Battle over trade powers continues

Trade remained a hot topic on Monday as supporters and opponents staked out their positions with the introduction of trade promotion authority (TPA) legislation on the horizon.

The White House and organized labor boiled down their conflicting arguments to whether the trade agreements, such as the Trans-Pacific Partnership (TPP), will help or hurt U.S. workers and their wages.


But AFL-CIO President Richard Trumka said in a nearly one-minute video message released Monday that opposing TPA, also called fast-track authority, isn't complicated.

"Let me tell you, here’s what it means … it means lost jobs and lower wages. That’s it."

The AFL-CIO's Executive Council put on a lengthier statement on its trade stance. 

"The trade policies of the United States are undermining the interests of working people," they wrote.  

"When decisions about economic policy are made behind closed doors, those decisions tend to advance the policy preferences of political and economic elites, not the broad interests of the populace at large," the council wrote.

"U.S. trade policy decisions have been made this way for years, and America’s workers, small farmers, small businesses and domestic producers have paid the price," the statement said.

"Unfortunately, we see no sign that the Trans-Pacific Partnership Agreement (TPP) and other trade negotiations currently underway are likely to make trade policy materially better from the perspective of workers or the public interest." 

Meanwhile, U.S. Chamber President Thomas Donohue said Monday that TPA is vital to completing the ambitious trade agenda, which includes TPP and a developing agreement with the European Union.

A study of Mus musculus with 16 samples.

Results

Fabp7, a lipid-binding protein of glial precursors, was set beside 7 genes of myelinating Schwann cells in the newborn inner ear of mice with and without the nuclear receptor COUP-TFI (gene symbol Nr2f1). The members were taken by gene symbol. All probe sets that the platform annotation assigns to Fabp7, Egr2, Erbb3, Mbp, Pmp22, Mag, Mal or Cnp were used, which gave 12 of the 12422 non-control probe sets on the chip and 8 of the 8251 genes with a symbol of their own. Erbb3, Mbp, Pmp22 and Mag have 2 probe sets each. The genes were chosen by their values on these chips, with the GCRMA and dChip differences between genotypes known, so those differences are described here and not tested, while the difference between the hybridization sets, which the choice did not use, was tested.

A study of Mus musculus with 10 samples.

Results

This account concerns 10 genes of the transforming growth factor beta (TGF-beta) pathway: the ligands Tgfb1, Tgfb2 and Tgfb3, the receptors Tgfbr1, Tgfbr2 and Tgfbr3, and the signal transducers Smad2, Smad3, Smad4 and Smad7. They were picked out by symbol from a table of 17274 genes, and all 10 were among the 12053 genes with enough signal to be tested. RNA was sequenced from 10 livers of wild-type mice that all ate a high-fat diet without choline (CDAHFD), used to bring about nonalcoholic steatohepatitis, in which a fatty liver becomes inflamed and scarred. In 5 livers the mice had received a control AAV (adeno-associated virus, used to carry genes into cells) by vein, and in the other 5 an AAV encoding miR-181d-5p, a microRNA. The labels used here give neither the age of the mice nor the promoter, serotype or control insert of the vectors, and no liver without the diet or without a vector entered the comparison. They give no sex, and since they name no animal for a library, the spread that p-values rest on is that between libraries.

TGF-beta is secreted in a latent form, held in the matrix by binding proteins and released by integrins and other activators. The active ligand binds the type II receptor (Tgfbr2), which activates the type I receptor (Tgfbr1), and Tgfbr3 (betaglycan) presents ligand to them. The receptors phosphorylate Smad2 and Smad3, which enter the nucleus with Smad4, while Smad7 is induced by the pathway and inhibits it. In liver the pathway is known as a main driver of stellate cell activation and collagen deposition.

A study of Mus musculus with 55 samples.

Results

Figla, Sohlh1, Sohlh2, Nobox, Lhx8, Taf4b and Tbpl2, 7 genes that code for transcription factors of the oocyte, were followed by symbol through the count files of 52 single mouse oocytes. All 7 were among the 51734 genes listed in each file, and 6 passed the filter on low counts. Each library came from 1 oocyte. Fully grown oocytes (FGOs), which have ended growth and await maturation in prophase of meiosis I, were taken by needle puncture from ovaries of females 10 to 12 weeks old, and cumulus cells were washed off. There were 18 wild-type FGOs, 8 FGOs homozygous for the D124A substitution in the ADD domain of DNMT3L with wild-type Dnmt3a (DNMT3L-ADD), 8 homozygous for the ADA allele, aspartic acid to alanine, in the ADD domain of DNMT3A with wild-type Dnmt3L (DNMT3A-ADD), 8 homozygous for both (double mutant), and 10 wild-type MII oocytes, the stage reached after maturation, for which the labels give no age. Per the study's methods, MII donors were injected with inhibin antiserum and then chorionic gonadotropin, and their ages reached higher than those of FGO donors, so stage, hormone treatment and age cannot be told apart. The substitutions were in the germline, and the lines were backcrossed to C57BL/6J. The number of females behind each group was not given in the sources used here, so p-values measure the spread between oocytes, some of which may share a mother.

"When it comes to the benefits of trade, American workers are among the biggest winners,” said Donohue in remarks to the Grand Rapids Economic Club.

"But we can’t secure new trade agreements without trade promotion authority. TPA is indispensable — the United States has never passed a major trade pact without it. TPA has been a key part of U.S. trade diplomacy and we cannot afford to be without it much longer."

Donohue said that "the bottom line is that you can’t be pro-trade and anti-TPA."

In recent months, President Obama and his Cabinet have taken aggressive steps to persuade Democrats to support TPA and the broader trade agenda. 

Senate Finance Committee Chairman Orrin HatchOrrin Grant HatchTrump to award racing legend Roger Penske with Presidential Medal of Freedom Trump awards Presidential Medal of Freedom to economist, former Reagan adviser Arthur Laffer Second ex-Senate staffer charged in aiding doxxing of GOP senators MORE (R-Utah), panel ranking member Sen. Ron Wyden (D-Ore.) and House Ways and Means Committee Chairman Paul RyanPaul Davis RyanEmbattled Juul seeks allies in Washington Ex-Parkland students criticize Kellyanne Conway Latina leaders: 'It's a women's world more than anything' MORE (R-Wis.) are working on an updated version of the legislation, which could be ready by the end of the month.

Still, Wyden said last week that no deal is imminent and there is still work left to be done.

Fast-track gives Congress an up-or-down vote on an trade deals that reach Capitol Hill.